Report of the International Law Commission on the Work of its 57th Session – Shared Natural Resources/ Unilateral Acts of States/ Reservations to Treaties
Mr. Chairman, I would like to thank the chairman of the Commission, Professor Djamchid Momtaz, for his introduction to the report of the Commission.
First, I would like to thank the Commission’s Special Rapporteur on the Shared Natural Resources, Professor Yamada, for his valuable work to date on this important subject.
The topic of Shared Natural Resources is undoubtedly a complex one, as there is still much to learn about transboundary aquifers in general, and specific aquifer conditions and State practice vary widely. As a result, the United States believes that context-specific arrangements are the best way to address pressures on transboundary groundwaters. Rather than producing another Convention, a more useful way forward would be for the Commission to develop a list of considerations or guidelines that States might take into account in negotiating more specific and meaningful bilateral or regional arrangements.
At a minimum, however, it is important to be clear that the Commission’s work on this topic does not represent a codification exercise, since the content of the proposed draft articles goes well beyond the established law. Declaratory articles, for example, would not be appropriate.
Finally, the United States notes that the Commission had decided, in considering the topic “Shared Natural Resources,” to address the issue of aquifers, a daunting task on its own. We support the Commission’s work on this important subject, and at the same time urge it to avoid taking on more controversial sub-topics, such as oil and gas, which could, in our view, detract value from the exercise overall.
Moving on to the topic of Unilateral Act of States, I also would like to thank the Commission’s Special Rapporteur, Mr. Victor Rodríguez-Cedeño, for his efforts to navigate this challenging subject and also, Mr. Alain Pellet, for his work to date as chairman of the Working Group on this topic.
The United States recognizes the particular challenges raised by this topic. Disagreements among members of the Commission after eight years of study on such fundamental issues as what might qualify as unilateral acts of states and how such acts should be classified and analyzed have slowed down progress on this topic. The Special Rapporteur’s Eighth Report serves to further demonstrate those continuing disagreements and, some might argue, raises doubts about the usefulness of further study of this topic.
For our part, we urge other States to consider carefully whether opportunities exist to consider bringing this project to conclusion in the near future. We very much appreciate the remarks, reflected in the most recent ILC report, about the importance of the part played by the addresses to whom unilateral statements are addressed, their reactions, and the reactions of third parties. The importance of such factors underscores that this is an area in which the specific context in which a unilateral act takes place -- as opposed to the act itself -- plays such a central role that it is hard to see this being an area that is amenable to codification of progressive development. Similarly, the importance, which is highlighted in the report, of intent -- on whether a state manifestly intends to undertake a legal commitment, as opposed to making statements not showing such a clear intent, or engaging in other forms of “unilateral conduct” -- remains critical, and this again highlights our view, which the Commission’s report indicates was reflected in the discussions with the Commission, that codification and progressive development are neither appropriate nor feasible.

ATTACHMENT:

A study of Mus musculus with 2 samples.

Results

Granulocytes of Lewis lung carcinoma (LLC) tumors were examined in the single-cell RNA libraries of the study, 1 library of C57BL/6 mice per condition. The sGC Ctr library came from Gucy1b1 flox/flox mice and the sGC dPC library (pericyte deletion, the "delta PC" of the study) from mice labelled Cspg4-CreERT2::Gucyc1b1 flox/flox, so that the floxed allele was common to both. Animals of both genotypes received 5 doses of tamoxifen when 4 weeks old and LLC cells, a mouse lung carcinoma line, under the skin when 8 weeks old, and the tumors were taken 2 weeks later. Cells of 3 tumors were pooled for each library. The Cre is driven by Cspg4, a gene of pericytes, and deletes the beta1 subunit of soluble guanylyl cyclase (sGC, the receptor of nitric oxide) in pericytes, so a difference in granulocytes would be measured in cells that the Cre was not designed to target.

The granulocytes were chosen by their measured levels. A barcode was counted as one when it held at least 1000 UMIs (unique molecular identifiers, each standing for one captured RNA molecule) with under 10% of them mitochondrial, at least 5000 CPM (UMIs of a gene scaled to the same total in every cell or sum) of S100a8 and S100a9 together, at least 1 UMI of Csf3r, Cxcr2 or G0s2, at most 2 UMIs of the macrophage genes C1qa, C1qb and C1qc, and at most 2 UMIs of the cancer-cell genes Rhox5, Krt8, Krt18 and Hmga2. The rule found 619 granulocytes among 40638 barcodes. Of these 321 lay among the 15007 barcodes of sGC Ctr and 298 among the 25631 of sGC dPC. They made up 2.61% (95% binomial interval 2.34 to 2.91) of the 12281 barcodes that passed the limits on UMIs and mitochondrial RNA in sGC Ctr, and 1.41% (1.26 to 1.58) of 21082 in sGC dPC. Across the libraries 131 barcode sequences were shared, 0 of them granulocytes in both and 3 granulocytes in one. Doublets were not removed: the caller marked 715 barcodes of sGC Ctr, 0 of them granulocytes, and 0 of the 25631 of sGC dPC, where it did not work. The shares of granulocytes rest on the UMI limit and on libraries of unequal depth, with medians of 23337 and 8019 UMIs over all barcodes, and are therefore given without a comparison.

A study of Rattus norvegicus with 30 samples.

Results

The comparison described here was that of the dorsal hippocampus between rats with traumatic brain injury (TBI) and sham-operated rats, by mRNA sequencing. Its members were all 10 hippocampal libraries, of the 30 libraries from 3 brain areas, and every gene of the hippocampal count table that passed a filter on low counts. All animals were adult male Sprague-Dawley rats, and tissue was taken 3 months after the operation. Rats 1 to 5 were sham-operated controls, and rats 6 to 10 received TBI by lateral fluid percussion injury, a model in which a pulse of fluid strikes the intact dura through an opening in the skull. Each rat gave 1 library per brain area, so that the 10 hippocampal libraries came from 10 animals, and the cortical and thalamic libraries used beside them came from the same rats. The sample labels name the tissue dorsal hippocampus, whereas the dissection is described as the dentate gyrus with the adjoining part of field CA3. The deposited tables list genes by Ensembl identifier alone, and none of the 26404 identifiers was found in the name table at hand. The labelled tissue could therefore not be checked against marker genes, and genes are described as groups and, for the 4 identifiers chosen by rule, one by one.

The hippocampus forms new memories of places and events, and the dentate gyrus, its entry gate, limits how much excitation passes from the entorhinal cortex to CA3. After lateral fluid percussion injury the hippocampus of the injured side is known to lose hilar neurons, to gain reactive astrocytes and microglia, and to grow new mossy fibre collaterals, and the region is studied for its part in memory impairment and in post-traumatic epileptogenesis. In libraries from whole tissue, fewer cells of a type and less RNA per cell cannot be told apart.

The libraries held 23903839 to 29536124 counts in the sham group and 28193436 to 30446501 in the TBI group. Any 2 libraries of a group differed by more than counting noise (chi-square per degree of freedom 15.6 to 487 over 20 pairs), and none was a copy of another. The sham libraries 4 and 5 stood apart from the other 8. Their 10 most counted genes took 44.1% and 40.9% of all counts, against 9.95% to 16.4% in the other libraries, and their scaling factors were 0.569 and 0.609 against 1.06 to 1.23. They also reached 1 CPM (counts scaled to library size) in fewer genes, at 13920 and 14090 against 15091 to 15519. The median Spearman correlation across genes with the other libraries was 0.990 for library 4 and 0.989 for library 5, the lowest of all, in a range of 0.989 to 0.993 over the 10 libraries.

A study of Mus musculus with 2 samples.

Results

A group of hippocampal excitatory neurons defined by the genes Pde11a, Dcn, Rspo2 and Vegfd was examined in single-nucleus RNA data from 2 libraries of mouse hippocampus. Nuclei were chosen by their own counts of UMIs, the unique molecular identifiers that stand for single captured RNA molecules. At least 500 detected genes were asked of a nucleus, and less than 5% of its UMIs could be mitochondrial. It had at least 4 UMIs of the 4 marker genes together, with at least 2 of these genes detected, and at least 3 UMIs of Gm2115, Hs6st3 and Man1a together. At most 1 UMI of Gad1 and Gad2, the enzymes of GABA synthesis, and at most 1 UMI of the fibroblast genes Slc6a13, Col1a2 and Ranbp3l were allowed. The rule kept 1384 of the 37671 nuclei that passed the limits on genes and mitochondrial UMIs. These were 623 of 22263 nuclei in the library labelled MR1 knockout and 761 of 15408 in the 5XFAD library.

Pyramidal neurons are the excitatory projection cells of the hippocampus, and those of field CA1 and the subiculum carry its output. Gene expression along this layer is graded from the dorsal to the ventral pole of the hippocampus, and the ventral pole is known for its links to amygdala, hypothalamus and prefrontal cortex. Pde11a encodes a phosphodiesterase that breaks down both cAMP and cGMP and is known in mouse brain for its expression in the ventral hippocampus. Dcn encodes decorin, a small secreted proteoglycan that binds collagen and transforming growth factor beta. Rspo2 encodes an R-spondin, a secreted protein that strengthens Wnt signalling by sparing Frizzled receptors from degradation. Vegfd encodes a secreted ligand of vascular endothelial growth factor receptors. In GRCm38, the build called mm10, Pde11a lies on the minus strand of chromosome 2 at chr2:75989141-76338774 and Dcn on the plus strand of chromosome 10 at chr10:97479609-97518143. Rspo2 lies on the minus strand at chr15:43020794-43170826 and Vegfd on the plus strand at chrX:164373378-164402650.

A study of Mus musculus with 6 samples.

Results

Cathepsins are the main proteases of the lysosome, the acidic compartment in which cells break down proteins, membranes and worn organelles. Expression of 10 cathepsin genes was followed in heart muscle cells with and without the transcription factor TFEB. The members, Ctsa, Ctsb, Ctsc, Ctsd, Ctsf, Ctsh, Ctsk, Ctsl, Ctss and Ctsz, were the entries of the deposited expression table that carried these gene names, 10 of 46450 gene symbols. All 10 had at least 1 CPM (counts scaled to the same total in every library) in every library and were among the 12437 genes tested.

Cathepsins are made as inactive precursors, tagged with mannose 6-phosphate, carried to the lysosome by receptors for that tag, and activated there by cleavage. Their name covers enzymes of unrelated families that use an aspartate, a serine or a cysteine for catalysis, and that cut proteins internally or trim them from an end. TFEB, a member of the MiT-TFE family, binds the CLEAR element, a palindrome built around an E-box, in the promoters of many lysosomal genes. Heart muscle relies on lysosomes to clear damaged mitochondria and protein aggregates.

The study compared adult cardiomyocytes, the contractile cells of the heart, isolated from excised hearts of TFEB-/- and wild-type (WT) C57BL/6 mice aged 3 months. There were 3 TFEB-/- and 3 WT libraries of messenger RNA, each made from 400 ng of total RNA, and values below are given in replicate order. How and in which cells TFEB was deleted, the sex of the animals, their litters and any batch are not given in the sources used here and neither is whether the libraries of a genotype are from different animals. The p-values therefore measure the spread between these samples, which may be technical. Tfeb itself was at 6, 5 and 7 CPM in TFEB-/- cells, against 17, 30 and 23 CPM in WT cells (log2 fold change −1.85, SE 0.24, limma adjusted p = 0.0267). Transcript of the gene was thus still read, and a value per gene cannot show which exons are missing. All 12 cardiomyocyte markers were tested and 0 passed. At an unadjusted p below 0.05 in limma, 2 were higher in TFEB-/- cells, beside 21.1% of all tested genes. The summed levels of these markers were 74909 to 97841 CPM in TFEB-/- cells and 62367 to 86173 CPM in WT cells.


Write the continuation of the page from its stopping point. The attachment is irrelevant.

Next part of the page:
As for the topic of reservations to treaties, I also would like to thank the Commission’s Special Rapporteur, Mr. Alain Pellet, for his work to date in this complex field.
The Commission has asked for States to comment on what the effect of an objection to a reservation is, if the objection is made on the grounds that the reservation is incompatible with the object and purpose of the treaty and if the objecting State does not oppose the entry into force of the treaty between itself and the reserving State. The report of the Commission notes that some States take the position that if a State has made a prohibited reservation, one that is incompatible with the object and purpose of a treaty, it may be bound by the treaty without the benefit of the reservation, should another party properly object to the reservation on that basis.
The United States does not agree. Although, certainly, as reflected in Article 19(c) of the Vienna Convention on the Law of Treaties (VCLT), reservations that are incompatible with the object and purpose of a treaty are not permitted. Nevertheless, an objecting State must determine if it is desirable to remain in a treaty relationship with a reserving State, despite the existence of what it considers to be an impermissible reservation. Alternatively, if an objecting State rejects a treaty relationship with a reserving State on the basis of an objectionable reservation, the reserving State can always withdraw its reservation. To suggest that a State can be bound to a treaty without the benefit of a reservation it has made would be in direct conflict with the basic principle of consent.